Originally constructed at the turn of the last century, the 2800-square-foot London flat had been vacant for some time, with the last owner having lived there for almost 40 years. Located in a beautiful brick mansion block, the flat was in need of extensive work including electrical and plumbing. The extensive refurbishment included substantial structural modifications altering the flat’s layout to include new services.
As collectors of art and antiques (predominantly mid 20th century), the owners were focused, at each design stage, on how and where items would be housed and walled. Rather than blowing out all the walls to make an open-plan space, the demolition was carefully considered to preserve walls for hanging art and placement of furnishings.
The owners, a couple with two teenagers, were downsizing from a large house. They wanted to transform the existing four-bedroom flat into a three-bedroom of the highest quality. The transformation would include structural alterations to the layout and new services for new bathrooms. Because the flat had not been modernized in over 40 years, it offered significant opportunities for a total transformation. The original layout was of a totally different era; many small and compartmentalized rooms were removed to make room for a more open concept. We would need to remove walls and sections of walls strategically in order to open up the flat. However, being on the second floor of a six-story mansion meant this was not straightforward.
The strategic demolition of a section of the wall between the living room and hall extends the hallway into the living space, blurring the boundaries between the two and bringing natural daylight from the south-facing living space deep into the long hallway. This helped to position the hallway as an extension of the living space and a sort of gallery space for the display of artwork.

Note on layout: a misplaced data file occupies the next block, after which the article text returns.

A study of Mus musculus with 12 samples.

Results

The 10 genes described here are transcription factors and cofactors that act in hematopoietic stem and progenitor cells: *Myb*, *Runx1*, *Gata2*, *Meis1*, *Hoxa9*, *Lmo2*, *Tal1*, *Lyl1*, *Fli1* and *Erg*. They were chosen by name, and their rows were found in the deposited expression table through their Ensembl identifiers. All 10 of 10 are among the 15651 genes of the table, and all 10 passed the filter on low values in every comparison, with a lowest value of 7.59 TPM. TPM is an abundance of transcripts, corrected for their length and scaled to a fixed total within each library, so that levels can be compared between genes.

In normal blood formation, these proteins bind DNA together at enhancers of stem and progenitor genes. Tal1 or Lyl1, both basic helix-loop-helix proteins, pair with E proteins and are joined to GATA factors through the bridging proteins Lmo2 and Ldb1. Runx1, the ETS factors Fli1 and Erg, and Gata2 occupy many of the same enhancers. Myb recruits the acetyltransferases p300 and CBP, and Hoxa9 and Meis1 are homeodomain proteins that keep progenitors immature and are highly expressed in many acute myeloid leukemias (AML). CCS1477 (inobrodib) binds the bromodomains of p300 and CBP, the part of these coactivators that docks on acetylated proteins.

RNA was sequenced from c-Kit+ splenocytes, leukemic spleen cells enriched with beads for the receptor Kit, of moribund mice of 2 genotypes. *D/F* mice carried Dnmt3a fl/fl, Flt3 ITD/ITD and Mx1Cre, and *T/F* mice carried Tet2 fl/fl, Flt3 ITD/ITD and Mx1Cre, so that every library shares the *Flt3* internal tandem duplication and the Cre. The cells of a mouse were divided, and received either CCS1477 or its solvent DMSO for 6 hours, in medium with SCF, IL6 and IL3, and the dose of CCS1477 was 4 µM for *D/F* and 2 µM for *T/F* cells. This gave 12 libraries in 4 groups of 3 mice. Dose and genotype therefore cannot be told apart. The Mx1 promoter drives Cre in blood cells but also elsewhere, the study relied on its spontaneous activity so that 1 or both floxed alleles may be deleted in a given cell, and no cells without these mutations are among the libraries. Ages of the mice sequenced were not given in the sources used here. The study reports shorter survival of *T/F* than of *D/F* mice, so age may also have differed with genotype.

From the outset, we saw an opportunity in the large hallway. On the one hand, it was grand in scale. On the other, however, it had become a ‘room’ in its own right, windowless and dark, a long corridor of mono-functional circulation space. We knew it could be so much more.
We started by exploring two radically different potential layouts. Both options had one principle in common, the large hallway which was treated as an additional ‘room’ that opened up and flowed into the living spaces. In so doing the hallway benefited from ‘borrowed’ natural light and views through adjacent rooms and out to the street. It was no longer internal in nature.
The kitchen remained in the same location, as did the living and dining rooms but we sought to open up these spaces to one another and to the hallway. We spent a long time assessing various structural solutions with our structural engineer. From full demolition of walls in the living areas to more strategic and local demolition of sections of walls.
We found that the more strategic, surgical demolition not only saved our client money but also responded to a central part of the client brief to create or preserve wall space for the display of artwork. Retaining sections of wall also contribute to a layering of the space, a more nuanced rendering of spaces where one space leads on to another and another.
There was originally a single bathroom servicing four bedrooms so adding bathrooms meant finding solutions to create new connections to services like drainage and water. All of these new services needed to be coordinated seamlessly and invisibly with the architecture and interior design.